If you’ve visited the Lake District, you’ll be familiar with the essentially rocky nature of the place. Soaring peaks, dark crags, and a rough look that reveals its violent past. You don’t have to be a geologist to look at the mountains of Lakeland and see that they are made of volcanic rock. Cumbria, the county that the Lake District lies within, stretches far beyond these peaks, and it surprises many people to find out about the huge semi-ring of §limestone that runs round the edge of the county.
We’re familiar with limestone from Yorkshire, especially those of you who have walked the Yorkshire Three Peaks, but there’s plenty of limestone in Cumbria, and earlier this week I went on a Friends of the Lake District training day to find out more about it.
We met at Sunbiggin Tarn, named because the sun always shines there (apparently)! The tarn itself is a nature reserve, holding rumours of otters and rare snails. Today a few waterbirds made their relaxed way across the surface, the reeds bobbed in the gentle breeze, and at the northern side a swan preened its feathers.
Sunbiggin Tarn is unusual as there aren’t normally lakes in limestone – they tend to drain away into the porous rock. A geological survey is currently underway to find out why it’s there, but the current thinking is that glacial till, the clayey detritus left over after the Ice Age, underlies the lake and stops it draining.
Our small group walked up to the summit of Little Asby Scar and looked out over the rolling hills of what are known as the Westmoreland Dales, sandwiched between the Lake District to the West, the dark wall of the North Pennines to the East, and the coiled hills of the Howgill Fells visible close in the South. To the North the sky was clear, the view opening up towards Scotland and the Solway First. Summer grass bent and swayed, cows wandered up to hear what was being said, and the light played on the Eden Valley.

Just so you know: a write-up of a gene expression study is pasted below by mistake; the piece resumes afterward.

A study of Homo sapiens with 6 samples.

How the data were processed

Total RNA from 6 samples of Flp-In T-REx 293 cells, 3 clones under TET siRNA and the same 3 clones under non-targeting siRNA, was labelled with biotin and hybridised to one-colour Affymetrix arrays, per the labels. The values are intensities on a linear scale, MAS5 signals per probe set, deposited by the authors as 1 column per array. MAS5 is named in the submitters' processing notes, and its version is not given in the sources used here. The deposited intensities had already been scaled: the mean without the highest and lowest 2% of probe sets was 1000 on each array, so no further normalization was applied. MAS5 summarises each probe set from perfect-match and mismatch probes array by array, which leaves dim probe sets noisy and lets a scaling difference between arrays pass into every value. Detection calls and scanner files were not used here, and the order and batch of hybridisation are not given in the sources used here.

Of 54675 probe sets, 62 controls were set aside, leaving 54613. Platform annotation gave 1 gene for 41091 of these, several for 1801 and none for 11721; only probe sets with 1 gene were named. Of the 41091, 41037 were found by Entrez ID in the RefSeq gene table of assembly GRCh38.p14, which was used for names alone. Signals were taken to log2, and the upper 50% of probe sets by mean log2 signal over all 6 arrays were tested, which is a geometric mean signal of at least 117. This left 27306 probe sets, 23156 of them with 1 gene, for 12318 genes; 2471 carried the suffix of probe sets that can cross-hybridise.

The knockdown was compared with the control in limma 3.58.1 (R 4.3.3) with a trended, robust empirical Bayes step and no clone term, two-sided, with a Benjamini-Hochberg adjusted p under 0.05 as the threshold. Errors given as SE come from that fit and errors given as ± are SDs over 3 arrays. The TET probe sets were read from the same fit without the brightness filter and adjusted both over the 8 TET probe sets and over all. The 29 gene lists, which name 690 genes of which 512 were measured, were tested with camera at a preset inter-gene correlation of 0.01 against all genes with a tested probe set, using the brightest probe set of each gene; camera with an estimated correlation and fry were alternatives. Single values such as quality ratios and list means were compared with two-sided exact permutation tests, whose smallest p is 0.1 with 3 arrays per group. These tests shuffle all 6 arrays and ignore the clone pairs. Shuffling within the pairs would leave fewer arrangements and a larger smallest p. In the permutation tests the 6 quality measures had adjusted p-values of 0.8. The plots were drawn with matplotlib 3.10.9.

Although we were in Cumbria, we were actually in the Yorkshire Dales National Park, which increased in size by 25% last year so it can look after this previously forgotten landscape. Across on the nearby hillside we were shown the old marks from a medieval field system, just as a local mastercraftsman was building a drystone wall nearby, the hammer blows ringing around the valley.
This whole area is common land, which means that alongside the efforts Friends of the Lake District go to conserve it, there is a complex assembly of grazing rights. It’s a collaborative process to find the best way forward for everyone, and the cows, who had now wandered off, were an example of where the commoners had changed practice, introducing a species that breaks up the landscape so wildflowers can get established. And provide some relief from all the sheep.
After lunch we wandered up to the Little Asby Hawthorn, Cumbria’s 3rd favorite tree. It holds a precarious but firm grip onto and into the limestone scar, its canopy at this time of year leafy and bold. It looks as though it has seen a hundred storms and come off better.
The highest point of the Westmoreland Dales barely breaks 400m. I doubt they are on many hillwalkers lists. But they are exactly where to come to find the space and peace we search for so often in the hills. They are the places in-between, literally in this case between the Lake District and the popular parts of the Yorkshire Dales. But you should go there; you may see rock millions of years old and field systems from people long gone. But you will also see a changing landscape, with drystone walls going up, and grazing systems changing with the times.